It doesn't matter if you have $10 sitting in your bank account or $10 million -- the emotional cost of giving up on your marriage is about the same. However, high-asset divorces can be a lot more cumbersome and difficult to get through simply because there's a lot more worth fighting over.
When the Christmas season ends, "divorce season" usually begins. It's such a common occurrence that family law attorneys even refer to the first Monday after Christmas break as "Divorce Day," because their email boxes are usually clogged with requests for appointments and the phones start ringing off the hook.
Marriages don't usually sour overnight. Instead, they tend to slowly fall apart, with each spouse gradually becoming more independent and thinking of himself or herself as an individual, rather than part of a couple. That's often reflected in their finances as well, because it isn't uncommon for one or both spouses to have hidden a little money away for a rainy day without telling the other person.
Maybe you filed for divorce as an emotional response to something that you've now worked through with your spouse, and you'd like to stay married. Maybe there have been other significant life changes that make it appear your marriage isn't going to end after all. Once the paperwork is in, can you stop it, or are you stuck having to move forward with a divorce you no longer want?
It can be hard to move forward after a divorce, even if you know that the divorce was smart and the best decision for all involved. These tips can help you move on and perhaps even reinvent yourself a bit as you step into this next stage in your life.
There are advantages to regular alimony payments, such as the fact that they keep you from spending the money too quickly and they provide you with a stable, predictable income for as long as you get them. If you're being paid $3,000 per month, for instance, you can set up your budget to reflect that income level and create a lifestyle that fits your means.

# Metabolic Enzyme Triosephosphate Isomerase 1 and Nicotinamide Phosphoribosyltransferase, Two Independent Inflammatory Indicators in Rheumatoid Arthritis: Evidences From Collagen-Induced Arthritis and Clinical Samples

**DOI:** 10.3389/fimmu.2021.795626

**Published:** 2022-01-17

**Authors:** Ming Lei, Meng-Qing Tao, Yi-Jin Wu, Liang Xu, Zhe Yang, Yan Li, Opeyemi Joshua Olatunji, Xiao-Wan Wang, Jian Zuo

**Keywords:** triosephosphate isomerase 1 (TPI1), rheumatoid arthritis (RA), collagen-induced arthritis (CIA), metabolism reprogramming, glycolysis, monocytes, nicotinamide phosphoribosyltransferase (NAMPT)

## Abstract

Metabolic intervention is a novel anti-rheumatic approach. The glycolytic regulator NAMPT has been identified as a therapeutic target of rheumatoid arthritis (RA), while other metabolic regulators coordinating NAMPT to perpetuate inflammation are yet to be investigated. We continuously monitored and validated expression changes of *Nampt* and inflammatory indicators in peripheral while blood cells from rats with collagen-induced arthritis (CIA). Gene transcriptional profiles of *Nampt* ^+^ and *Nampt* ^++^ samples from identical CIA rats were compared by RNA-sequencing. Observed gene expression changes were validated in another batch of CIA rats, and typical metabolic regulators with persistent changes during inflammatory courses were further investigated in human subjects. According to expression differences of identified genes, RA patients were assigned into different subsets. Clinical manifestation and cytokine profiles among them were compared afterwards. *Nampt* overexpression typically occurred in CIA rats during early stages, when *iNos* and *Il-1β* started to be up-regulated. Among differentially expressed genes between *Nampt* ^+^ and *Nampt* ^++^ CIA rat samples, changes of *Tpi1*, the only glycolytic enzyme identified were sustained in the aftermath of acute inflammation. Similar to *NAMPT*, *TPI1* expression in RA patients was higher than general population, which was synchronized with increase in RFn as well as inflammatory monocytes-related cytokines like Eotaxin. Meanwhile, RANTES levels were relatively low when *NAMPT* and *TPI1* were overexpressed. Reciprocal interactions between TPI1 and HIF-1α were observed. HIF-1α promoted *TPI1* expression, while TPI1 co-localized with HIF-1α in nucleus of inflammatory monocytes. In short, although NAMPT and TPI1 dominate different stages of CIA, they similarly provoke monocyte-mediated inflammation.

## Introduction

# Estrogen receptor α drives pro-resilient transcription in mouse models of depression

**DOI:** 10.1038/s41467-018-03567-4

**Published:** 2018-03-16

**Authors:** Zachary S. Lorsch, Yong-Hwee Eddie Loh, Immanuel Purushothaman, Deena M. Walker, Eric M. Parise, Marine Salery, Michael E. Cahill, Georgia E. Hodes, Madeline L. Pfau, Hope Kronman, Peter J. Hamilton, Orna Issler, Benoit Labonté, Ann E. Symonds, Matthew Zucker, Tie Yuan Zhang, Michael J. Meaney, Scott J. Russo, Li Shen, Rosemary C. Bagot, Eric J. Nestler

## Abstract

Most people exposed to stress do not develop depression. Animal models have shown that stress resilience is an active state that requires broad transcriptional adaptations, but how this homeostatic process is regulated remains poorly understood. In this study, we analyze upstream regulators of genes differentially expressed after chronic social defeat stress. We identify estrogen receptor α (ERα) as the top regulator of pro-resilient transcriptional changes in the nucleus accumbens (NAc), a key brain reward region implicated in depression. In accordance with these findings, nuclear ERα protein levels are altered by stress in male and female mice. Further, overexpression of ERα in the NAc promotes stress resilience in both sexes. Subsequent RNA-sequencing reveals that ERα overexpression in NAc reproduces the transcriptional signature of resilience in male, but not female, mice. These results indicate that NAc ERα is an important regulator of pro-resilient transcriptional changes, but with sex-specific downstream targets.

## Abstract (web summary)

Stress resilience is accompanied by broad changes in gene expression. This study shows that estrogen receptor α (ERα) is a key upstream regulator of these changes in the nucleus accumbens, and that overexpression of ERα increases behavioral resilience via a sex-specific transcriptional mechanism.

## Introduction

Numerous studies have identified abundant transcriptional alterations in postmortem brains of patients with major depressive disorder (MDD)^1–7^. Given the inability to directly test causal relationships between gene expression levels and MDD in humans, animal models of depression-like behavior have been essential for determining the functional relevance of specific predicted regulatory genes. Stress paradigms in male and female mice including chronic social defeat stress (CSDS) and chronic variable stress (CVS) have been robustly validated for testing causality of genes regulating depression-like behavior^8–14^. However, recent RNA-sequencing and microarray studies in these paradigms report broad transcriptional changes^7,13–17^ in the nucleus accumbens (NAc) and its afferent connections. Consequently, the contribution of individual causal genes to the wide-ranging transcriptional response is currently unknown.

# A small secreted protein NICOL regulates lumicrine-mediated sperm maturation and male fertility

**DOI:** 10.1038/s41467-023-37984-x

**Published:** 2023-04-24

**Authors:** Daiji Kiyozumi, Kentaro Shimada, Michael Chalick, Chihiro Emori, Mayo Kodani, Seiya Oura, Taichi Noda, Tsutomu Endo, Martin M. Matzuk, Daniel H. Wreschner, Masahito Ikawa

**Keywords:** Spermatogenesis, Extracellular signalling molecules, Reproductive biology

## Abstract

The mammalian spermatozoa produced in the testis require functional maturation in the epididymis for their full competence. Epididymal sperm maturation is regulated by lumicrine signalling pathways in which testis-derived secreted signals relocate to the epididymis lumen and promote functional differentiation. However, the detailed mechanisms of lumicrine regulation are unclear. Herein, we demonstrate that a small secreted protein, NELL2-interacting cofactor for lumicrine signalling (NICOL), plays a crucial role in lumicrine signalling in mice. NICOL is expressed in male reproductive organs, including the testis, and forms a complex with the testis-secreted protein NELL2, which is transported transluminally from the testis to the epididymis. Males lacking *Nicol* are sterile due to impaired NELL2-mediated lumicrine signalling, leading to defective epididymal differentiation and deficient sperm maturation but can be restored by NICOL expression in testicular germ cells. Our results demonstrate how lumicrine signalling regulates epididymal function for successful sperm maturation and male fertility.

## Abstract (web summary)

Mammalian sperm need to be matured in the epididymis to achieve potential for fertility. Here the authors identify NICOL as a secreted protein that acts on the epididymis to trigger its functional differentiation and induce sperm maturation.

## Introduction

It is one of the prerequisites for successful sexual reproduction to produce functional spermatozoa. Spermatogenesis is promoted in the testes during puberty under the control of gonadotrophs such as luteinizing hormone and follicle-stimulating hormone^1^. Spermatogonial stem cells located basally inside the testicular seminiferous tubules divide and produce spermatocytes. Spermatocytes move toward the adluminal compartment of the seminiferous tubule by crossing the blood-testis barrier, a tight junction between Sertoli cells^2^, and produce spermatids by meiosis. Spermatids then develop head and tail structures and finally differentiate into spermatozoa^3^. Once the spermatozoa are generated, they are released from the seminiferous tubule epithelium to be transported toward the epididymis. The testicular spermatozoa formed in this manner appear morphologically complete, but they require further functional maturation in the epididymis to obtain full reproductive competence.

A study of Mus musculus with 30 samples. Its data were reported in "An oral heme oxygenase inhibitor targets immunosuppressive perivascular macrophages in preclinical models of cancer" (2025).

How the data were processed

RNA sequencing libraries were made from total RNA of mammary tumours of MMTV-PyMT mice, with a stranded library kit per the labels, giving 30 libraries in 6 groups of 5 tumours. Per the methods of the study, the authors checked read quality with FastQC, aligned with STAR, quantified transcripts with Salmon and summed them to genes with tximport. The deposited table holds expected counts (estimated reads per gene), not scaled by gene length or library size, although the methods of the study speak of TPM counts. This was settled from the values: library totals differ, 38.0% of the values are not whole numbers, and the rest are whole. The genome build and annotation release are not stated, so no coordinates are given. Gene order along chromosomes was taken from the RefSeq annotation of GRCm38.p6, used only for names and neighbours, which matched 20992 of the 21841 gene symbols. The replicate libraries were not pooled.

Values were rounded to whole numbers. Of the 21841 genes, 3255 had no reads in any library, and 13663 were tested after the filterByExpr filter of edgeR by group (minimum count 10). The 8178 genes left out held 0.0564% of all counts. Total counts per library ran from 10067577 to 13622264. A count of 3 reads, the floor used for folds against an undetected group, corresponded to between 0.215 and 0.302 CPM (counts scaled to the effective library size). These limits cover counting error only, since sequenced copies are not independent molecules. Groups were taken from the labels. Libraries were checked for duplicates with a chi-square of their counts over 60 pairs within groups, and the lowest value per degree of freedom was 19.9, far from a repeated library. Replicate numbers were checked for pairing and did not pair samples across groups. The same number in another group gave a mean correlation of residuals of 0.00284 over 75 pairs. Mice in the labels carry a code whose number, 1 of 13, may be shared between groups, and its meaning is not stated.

You're going to have a lot of paperwork to deal with when getting divorced in California, so it can be easy to overlook little things. One job you want to make sure you get taken care of, though, is changing your will. It may be best to do this during the divorce process, so that it's set in stone, but you at least want to do it by the time the divorce is finalized. There are many reasons why, including the following:
Divorce can be tough on kids, even when the split is for the best overall, and so it's important for parents to think of the children during and after the process. Often, you can craft a parenting plan that focuses on them and makes things go smoothly. Here are a few of the best things you can do for them:
Divorce can happen for many reasons. Some couples just don't get along. Some drift apart over time. Some see a divorce triggered by a key event, like infidelity or the development of an addiction.
It's possible that your spouse will be so against the idea of getting a divorce in California that he or she will refuse to sign the papers. If so, what should you do next? Does this mean you're not going to get the divorce that you want?